A review of Recipe for Garum by Robert Letters

Reviewed by Beatriz Copello

Recipe for Garum
by Robert Letters
Paucus Publishing Company
Paperback: 102 pages, June 2019, ISBN-13: 978-0999285589

I am not sure if many people know what Garum is. For those who do not know. here is how the writer of Recipe For Garum Robert Letters explains it: “Garum was a pungent fish sauce made in Roman times from the leftover parts of many different kinds of fish.” I thought a lot about the relationship between the word and the title of this beautiful book of poetry. I believe that it is because many of the poems in this collection relate to everyday living and Garum was in every Roman household, as this product was highly appreciated. The author gives a hint when he says: “As with other domestic pungencies, it seems to make life worth living,” because Garum had a terrible smell. Yet, I did not find this book caustic, acrid or biting on the contrary I consider it to be poignant, sharply expressive and mentally appealing.

Recipe For Garum is the fifth book of poetry written by Robert Letters and is divided in three sections. The first one, titled like the book. contains a series of lyric poetry about domestic life. The second section, titled “Canal”, contains a long and fascinating narrative poem, and the final section is made up of short poems and Tankas about the everyday married to nature and its beauty.

In the “Recipe For Garum” section, the monotony of daily life is turned into poetry. Dreams and events adorn the pages with eloquent and meaningful words:

traffic in the village
a mother calling her son’s name
someone hammering.
the low growl
of the carpenter’s voice
drifts into the bedroom —
what is he saying?

the cat is crying again —
her friend
from beyond the broken fence
must be wandering. (“This Morning with the Window Open”)

Many of the poems contain nostalgic observations. In others things are said in a veiled way leaving the reader to decide on the meaning. The majority of the poems in this section appeal to the reader’s senses. The poet says so much with so few words, as in “After the Storm”:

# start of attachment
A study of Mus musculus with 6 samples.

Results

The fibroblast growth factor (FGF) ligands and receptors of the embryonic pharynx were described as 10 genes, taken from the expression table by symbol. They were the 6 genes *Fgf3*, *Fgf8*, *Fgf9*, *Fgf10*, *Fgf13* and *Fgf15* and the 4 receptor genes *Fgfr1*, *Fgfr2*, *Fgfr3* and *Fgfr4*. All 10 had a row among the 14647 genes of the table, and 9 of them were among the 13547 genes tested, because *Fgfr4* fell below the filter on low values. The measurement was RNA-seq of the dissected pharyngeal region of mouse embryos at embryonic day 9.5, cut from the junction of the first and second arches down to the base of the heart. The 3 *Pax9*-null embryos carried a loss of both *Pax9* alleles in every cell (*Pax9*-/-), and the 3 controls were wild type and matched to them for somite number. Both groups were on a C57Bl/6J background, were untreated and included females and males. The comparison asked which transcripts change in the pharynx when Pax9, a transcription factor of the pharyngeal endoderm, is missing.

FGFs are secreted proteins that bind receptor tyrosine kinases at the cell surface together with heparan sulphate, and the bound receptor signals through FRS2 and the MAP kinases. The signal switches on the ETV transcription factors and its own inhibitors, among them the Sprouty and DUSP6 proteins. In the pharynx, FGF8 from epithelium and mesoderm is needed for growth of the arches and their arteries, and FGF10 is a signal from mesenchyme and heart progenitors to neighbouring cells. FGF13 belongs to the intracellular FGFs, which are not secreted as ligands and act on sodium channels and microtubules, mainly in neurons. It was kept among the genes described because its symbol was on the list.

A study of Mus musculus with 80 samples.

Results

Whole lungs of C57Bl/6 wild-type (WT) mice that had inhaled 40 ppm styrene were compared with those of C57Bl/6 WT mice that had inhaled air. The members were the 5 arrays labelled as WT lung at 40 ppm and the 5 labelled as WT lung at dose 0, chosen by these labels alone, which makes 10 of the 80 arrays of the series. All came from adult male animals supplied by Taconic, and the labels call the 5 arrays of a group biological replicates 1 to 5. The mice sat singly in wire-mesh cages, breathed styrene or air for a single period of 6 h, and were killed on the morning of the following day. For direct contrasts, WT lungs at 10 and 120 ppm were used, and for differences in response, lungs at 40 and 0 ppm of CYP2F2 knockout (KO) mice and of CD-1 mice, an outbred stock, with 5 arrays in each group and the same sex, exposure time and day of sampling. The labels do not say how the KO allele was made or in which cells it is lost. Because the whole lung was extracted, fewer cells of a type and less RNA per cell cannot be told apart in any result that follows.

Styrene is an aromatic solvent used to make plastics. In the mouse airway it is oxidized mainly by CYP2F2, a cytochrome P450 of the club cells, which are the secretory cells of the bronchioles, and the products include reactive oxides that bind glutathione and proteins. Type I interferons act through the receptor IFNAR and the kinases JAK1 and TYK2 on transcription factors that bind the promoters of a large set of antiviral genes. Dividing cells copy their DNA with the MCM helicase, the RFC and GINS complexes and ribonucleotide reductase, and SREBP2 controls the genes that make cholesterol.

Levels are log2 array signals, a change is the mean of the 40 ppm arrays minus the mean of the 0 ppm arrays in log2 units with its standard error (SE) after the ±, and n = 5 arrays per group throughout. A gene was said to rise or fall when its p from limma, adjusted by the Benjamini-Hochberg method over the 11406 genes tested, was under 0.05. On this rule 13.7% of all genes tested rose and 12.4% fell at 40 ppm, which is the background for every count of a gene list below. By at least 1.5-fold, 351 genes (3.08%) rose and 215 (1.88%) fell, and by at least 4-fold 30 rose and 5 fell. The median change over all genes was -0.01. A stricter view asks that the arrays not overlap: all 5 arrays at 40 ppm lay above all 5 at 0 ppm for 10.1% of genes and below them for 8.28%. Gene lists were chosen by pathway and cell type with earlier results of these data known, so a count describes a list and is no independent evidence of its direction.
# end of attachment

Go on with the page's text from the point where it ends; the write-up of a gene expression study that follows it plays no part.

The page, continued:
after the storm
sweet smell of tree grinding

in sleeping houses
dogs bark when I pass

Nature is an important element in Letters’ poetry, impregnating his words and lines. The stanzas come to life on the page, not only the beauty of the natural world but little intimacies that subjugate the heart:

two green tulip leaves
blown over the house
lie in the gravel garden
anchored to one stem

outside the bedroom
transfigured by sun
the tulip tree
moans to the wind.

In Letters’ poetry we read the voice of the lover, the carpenter, the gardener, the farmer. These are voices of life, in the country, the city, the neighbourhood. In “Winter Rain” the reader gets a hint at the poet’s philosophy of life:

rain against the window — the one by our bed
it rattles the metal chimney in the still kitchen
it coaxes grey light out of January darkness
it surprises the green earth out of sleep

a moment ago we walked to the river
your stocking catching on the autumn nettles
that brown field abandoned
to the bones of your hips

the wind comes up — thirty years retreat
winter brown again in the edges of moonlight
snow will come tonight to cover dormant
as we sleep, dreaming another sequence of forgetting

I really enjoy the writer’s small gems and ponderings about what it means to be alive, about the real, about beginnings and endings. Letters covers a lot of ground in these very short stanzas:

the penetrating wind
distributes birth and death
from mouth to mouth
still we navigate
confident our path lies
over unimportant ground

The struggles of a hardworking man, his dreams, thoughts and wants are told in poetry form in the second part of Recipe for Garum. The story develops like calm waves travelling towards the coast. Slowly, with aplomb and self-possession, the man’s character unfolds:

His entire life
has been nothing.
Small. Small
as the red throated
at her flowers.

Some sensual stanzas are encountered in “Canal”. This piece is apparently simple, as it has no complicated metaphors or literary devices yet is profound and gentle.

The final section of this poetry book titled “Then You Said Come Outside” consists of Tanka and Haiku-styled short poems. The poems in this section express deep feelings for nature as is characteristic of the genre. The sensory details and expressive language in this section are enhanced with striking imagery and in some of them, deep emotions. Recipe for Garum is an unusual book: very well written and entertaining. Reading it is a quiet pleasure.

About the Reviewer: Dr Beatriz Copello is a former member of NSW Writers Centre Management Committee. She writes poetry, reviews, fiction and plays. The author’s poetry books are: Women Souls and Shadows, Meditations At the Edge of a Dream, Flowering Roots, Under the Gums Long Shade, and Lo Irrevocable del Halcon (In Spanish). Beatriz’s poetry has been published in literary journals such as Southerly and Australian Women’s Book Review and in many feminist publications.  She has read her poetry at events organised by the Sydney Writers Festival, the NSW Writers Centre, the Multicultural Arts Alliance, Refugee Week Committee, Humboldt University (USA), Ubud (Bali) Writers Festival.